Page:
Monday, November 11, 2013
"He's not from any tribe I've ever seen."
Chances are, you've heard of Lewis and Clark. The exploring duo ventured west and discovered a great deal of land in the United States that was previously considered to be the great unknown. Their trip was groundbreaking and is recounted with slight variation in Manifest Destiny #1 from Skybound Entertainment. The first issue is written by Chris Dingess, penciled and inked by Matthew Roberts, colored by Owen Gieni and lettered by Pat Brosseau.
Lewis and Clark are on an adventure. This adventure, however, focuses on more than just exploring the map and new territories. No, it appears that the good Captains are tasked with a rather classified mission, one which requires them to seek out and catalogue something mysterious and possibly non-human. They've enlisted the help of some Army volunteers (in exchange for gold), as well as been assigned criminals (in exchange for freedom) to carry out President Jefferson's directive. Considering the fact that Lewis keeps two journals--one Congressional and one classified--it's inevitable that things are about to get weird.
At first glance, you may be inclined to think that Manifest Destiny #1 is a faithful, comic book retelling of the now historic journey. While it does share some similarities, Dingess quickly reminds the reader that this isn't the trip you're familiar with, considering the appearance of a rather large structure and strange creature. The book feels a little like Abraham Lincoln Vampire Hunter in that regard, in that Dingess is adding a bit of a twist to rather well-known history. The dynamic between Lewis and Clark is depicted well, with the two working well together in multiple facets of the journey. He offers a great contrast between the soldiers and convicts, focusing primarily on Jensen as a convict who will likely be a lot more trouble than he's worth to Lewis and Clark.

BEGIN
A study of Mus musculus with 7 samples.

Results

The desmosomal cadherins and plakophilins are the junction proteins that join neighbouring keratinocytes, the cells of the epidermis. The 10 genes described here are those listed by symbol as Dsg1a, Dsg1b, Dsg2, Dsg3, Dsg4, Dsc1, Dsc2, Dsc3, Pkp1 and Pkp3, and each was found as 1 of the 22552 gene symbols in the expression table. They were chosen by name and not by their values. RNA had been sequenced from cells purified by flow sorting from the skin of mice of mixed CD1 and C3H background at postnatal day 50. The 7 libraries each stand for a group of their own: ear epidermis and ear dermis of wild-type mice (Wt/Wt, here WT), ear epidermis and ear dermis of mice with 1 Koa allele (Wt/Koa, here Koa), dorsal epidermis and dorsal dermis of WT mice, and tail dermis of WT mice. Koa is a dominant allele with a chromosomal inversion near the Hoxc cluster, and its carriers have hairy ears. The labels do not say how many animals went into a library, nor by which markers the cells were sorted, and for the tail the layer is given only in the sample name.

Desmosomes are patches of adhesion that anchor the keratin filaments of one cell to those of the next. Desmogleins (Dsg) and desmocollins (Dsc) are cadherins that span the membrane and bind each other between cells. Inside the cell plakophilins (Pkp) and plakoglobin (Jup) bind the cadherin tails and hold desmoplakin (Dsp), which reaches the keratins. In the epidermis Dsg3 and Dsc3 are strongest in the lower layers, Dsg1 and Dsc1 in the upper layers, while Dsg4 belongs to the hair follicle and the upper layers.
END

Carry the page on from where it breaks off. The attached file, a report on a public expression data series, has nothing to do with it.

Roberts' art features a lot of attention to detail in the characters themselves. It looks a lot like some of the work that Richard Corben (primarily his more recent work such as Ragemoor), where the characters look to have long, drawn-out faces and bodies. The reader never really gets a good look at the creature terrorizing the explorers in action, but Roberts does a great job in keeping it in the shadows and giving the reader enough of a glimpse to maintain the suspense. There's a great kinetic energy in many of the creature's panels, where the characters are struggling to understand exactly what they're dealing with. The panels are very clean and well-defined, primarily sticking to the tried and true layout with few overlapping.
Manifest Destiny #1 upends history and offers an alternate version that most people aren't going to be familiar with. There are some aspects that are accurate for the reader to grasp onto for context, but it's very apparent that Dingess is taking the Lewis and Clark expedition in a very different direction. Their mission is being detailed primarily through the dialogue between Lewis and Clark, which is a fun way to reveal the story to the reader. What that mission is still remains a little vague, but the series wouldn't be a series if it wasn't revealed slowly over time.
Manifest Destiny is in stores November 13 with interiors below.